Rabbi Ovadia Yosef, the 70-year-old the spiritual leader of the ultra-Orthodox, largely Sephardic Shas party, seems at this juncture to hold in his hands the political futures of both the prime minister-designate and the acting prime minister, as well as their respective parties.

The arithmetic is such that Shas’ five Knesset votes are crucial for both sides.

Neither can attain a majority to form a government without them. And Shas, for its part, must decide either to support one of them or, by withholding support, force both into a national unity government again.

That possibility has been raised amid talk in Labor circles of replacing Peres with the party’s more widely accepted No. 2 leader, former Defense Minister Yitzhak Rabin.

In a new Labor-Likud alliance, the popular Rabin would rotate the office of prime minister with Shamir, just as Peres and Shamir did after the inconclusive 1984 elections.

But such developments are presently in the realm of conjecture.

Rabbi Yosef continues to be ardently courted by both sides. He met with Shamir on Wednesday morning and was to hold a meeting Friday with Peres and Rabin.

Yosef has undertaken to convene Shas’ Council of Torah Sages well before Peres’ mandate expires on April 26, in order to guide them to a choice between conflicting ideologies.

CONFLICTING PRESSURES WITHIN SHAS

The stakes are high for Shas as well. If it overplays its hand, Likud and Labor could in disgust agree to dissolve the hung Knesset and call new elections.

In that event, Shas cannot be sure of repeating its meteoric success as a brand new party in 1984, when it won four seats, or the consolidation of 1988, when it picked up two more — one of which was lost last year when Rabbi Yitzhak Peretz defected from the party.

Therefore, as Rabbi Yosef ponders his role in deciding the nation’s future, the eminent Sephardic halchic expert finds himself prey to conflicting pressures.

Strongest among them, perhaps, is the still-resounding echo of his own televised address to the nation after the Shamir government fell March 15 in a no-confidence vote.

“I must be able to stand in judgment before God for innocent blood that might be spilled.” Yosef declared with passion.

He explained that for him, peace and the prevention of needless bloodshed were the overriding moral and religious considerations. He had therefore demanded from Shamir a favorable reply to U.S. Secretary of State James Baker’s proposals for launching an Israeli-Palestinian dialogue.

When Shamir refused such a commitment, Yosef instructed Shas’ Knesset faction to absent itself from the confidence vote, thereby ensuring the downfall of the Likud-led government.

It was not a surprise shift by the former Sephardic chief rabbi, who is also president of the Rabbinical Court of Appeals. For years, he has written and argued that the halachic principle of “pikuach nefesh,” that there is no higher moral deed than saving lives, applies to the land-for-peace equation in the Middle East.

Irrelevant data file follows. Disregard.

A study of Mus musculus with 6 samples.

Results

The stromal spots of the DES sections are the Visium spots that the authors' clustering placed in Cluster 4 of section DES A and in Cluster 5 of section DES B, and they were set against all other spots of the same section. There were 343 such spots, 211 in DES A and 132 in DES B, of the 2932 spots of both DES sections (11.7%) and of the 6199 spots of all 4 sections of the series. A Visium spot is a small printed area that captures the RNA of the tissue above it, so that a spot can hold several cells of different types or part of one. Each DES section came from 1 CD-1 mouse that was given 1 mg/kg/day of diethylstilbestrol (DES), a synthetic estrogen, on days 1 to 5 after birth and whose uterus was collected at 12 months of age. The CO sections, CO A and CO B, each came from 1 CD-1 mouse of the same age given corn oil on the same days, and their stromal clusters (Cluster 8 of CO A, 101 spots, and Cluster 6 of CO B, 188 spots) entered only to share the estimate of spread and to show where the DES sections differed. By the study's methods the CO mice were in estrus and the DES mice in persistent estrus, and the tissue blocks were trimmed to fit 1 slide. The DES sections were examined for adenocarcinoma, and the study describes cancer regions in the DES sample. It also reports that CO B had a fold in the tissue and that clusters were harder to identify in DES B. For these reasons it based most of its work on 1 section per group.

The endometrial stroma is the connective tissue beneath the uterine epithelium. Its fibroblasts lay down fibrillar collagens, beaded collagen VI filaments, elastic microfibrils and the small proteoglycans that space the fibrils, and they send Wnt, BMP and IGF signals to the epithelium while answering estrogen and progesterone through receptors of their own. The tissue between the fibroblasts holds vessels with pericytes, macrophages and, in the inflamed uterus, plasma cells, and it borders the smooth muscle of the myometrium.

PERSUASION BY MANIFESTO

It was to reawaken that determination in Rabbi Yosef’s heart that Labor this week launched an energetic effort of persuasion.

A long list of dovish Sephardic leaders, including academics and local religious council chairmen, signed their names to manifestoes published in the press urging Yosef to “support a peace government under Shimon Peres.”

Delegations of dignitaries from Israel and abroad were encouraged by Labor to call on the rabbi in his book-lined study in Jerusalem’s Talbiyeh section to offer the same advice.

But there are strong countervailing pressures, some generated by Likud activists, but others by the Shas rank and file, who have always seen themselves part of the “national camp” led by the Likud.

Yet Shas politicians are divided as to the strength of this grass-roots sentiment.

In particular, Yosef’s high-profile visit to Cairo last year as the guest of President Hosni Mubarak is thought in some Shas quarters to have deeply impressed much of the rank and file.

But there is pressure from another quarter, which Yosef will have to overcome if he is to line up behind Peres and Labor.

Rabbi Eliezer Schach, the 92-year-old spiritual leader of the two-seat Degel HaTorah party, has taken a wholly unexpected pro-Likud stance during this coalition crisis. He instructed his party to conclude an agreement with Shamir and to have no truck with Labor.

Schach has much credibility and influence in Shas, which he actively helped found in 1984 as a first Orthodox breakaway from Agudat Yisrael.

Moreover, as the eldest sage in the “haredi” yeshiva world, his moral writ runs far beyond his own Ponevezh yeshiva and his town, Bnei Brak.

A SPLIT WITH DEGEL?

Beneath the surface, there has been growing discomfort in Yosef’s close circle at the dogmatic position taken by Schach, who, if anything, has been even more dovish than Yosef over the years on the territorial issue.

Indeed, in his own controversial speech to the Degel convention in Tel Aviv last month, Schach reiterated his consistent belief that “territory does not matter.”

Nevertheless, he ruled that Labor, with its “pig-breeding, rabbit-eating kibbutzim,” is inherently more anti-religious than the Likud. The implication was that his political support would go unwaveringly to Shamir.

Yosef, a few days later, made a point of noting during a talk to his followers that Shamir “cats treife food no less than anyone else.”

Sensitive political observers saw that as the first sign that the alliance between these two very different rabbinical authorities — the Lithuanian-born “gaon” (Talmudic genius) and the Sephardic “posek” (halachic authority) — might be coming unstuck.

Peres doubtless is praying this week that it will rupture, while Shamir and the Likud are desperately trying to see that it does not.